Acid reflux or gastro-oesophageal reflux disease (GORD) occurs when the lower sphincter fails to close tightly and stomach acid backs up into the oesophagus. It is a common condition causing indigestion and heartburn in an estimated 10 to 20% of the population at least once a week. The condition however can become chronic and recur throughout life.  The symptoms of GORD are:

  • heartburn, a burning sensation that rises from the stomach or lower chest up towards the neck
  • regurgitation of acid into the throat or mouth causing an unpleasant sour taste
  • less common is a persistent cough, particularly at night, caused by acid irritating the windpipe
  • occasionally mouth and throat symptoms including gum problems, bad breath, sore throat and hoarseness

In most cases, using over-the-counter indigestion remedies and making changes to diet and lifestyle will help reduce symptoms.  Conditions known to aggravate GORD are:

  • being overweight or obese
  • eating foods high in fats as the stomach takes longer to digest a fatty meal
  • regularly using tobacco, alcohol, coffee, or chocolate
  • taking certain medications e.g. calcium-channel blockers, benzodiazepines, and anticholinergics
  • pregnancy due to changes in hormone levels and an increase in the pressure on the stomach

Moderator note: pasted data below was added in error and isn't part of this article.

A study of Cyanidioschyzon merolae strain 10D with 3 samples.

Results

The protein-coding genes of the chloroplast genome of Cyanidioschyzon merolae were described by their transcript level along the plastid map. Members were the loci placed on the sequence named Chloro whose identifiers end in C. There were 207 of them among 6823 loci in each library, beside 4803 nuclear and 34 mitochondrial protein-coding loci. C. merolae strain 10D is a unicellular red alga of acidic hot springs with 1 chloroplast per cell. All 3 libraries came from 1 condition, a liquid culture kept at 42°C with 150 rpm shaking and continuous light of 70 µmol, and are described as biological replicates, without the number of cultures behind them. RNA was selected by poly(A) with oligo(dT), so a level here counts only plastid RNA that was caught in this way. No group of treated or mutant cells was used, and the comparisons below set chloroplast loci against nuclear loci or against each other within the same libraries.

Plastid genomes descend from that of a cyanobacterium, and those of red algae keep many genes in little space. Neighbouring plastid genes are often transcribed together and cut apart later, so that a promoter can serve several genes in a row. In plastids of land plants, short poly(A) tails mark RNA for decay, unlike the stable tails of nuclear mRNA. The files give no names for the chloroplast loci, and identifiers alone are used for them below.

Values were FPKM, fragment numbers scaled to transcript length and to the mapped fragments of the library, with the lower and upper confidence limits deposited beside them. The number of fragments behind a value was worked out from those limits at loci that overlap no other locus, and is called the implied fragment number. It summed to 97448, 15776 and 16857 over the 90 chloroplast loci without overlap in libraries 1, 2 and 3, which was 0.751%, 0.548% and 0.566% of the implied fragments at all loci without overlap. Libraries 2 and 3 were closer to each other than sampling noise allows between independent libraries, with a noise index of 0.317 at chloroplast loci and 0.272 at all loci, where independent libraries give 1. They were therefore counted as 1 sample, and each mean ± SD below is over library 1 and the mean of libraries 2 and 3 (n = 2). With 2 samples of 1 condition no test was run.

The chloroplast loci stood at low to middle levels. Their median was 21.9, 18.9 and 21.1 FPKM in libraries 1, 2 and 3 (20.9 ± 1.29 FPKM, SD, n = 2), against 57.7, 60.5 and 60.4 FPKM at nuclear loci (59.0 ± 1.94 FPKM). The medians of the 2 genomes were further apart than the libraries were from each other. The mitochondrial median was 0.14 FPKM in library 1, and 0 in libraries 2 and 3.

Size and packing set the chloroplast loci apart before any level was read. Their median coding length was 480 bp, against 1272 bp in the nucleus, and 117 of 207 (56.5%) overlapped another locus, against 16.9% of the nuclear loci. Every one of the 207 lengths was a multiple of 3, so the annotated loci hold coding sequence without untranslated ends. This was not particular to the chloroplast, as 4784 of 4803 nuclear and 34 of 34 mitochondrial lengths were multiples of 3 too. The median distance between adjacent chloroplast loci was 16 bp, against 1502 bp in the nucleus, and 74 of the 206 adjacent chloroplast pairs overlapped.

• hiatus hernia where part of the stomach pushes through the diaphragm
  • stress

Symptoms can be eased by taking antacids - the alkali liquids or tablets that neutralise stomach acid. Many brands are available from a chemist and can be used 'as required' for mild heartburn.  However, if symptoms are severe or occur regularly then a GP should be consulted. Acid-suppressing drugs that reduce the amount of acid secreted by the stomach are normally prescribed.  There are two types:

  • proton pump inhibitors e.g. omeprazole, lansoprazole, pantoprazole, rabeprazole, esomeprazole. Usually a short course helps to reduce symptoms
  • histamine receptor blockers (H2 blockers) e.g. cimetidine, famotidine, nizatidine, and ranitidine.  These are preferred if long-term treatment is needed

Keyhole surgery can 'tighten' the lower oesophagus to prevent acid leaking up from the stomach. In general, it is no more successful than acid-suppressing medication. However, it is an option for some people where drug treatment is not working well or not wanted long-term

GORD rarely develops into more severe conditions.  However, long-term acid inflammation can cause scarring and narrowing (a stricture) of the oesophagus.  Barrett's oesophagus is a condition in which the cells that line the area around the sphincter become changed with an increased, albeit small risk of developing oesophageal cancer.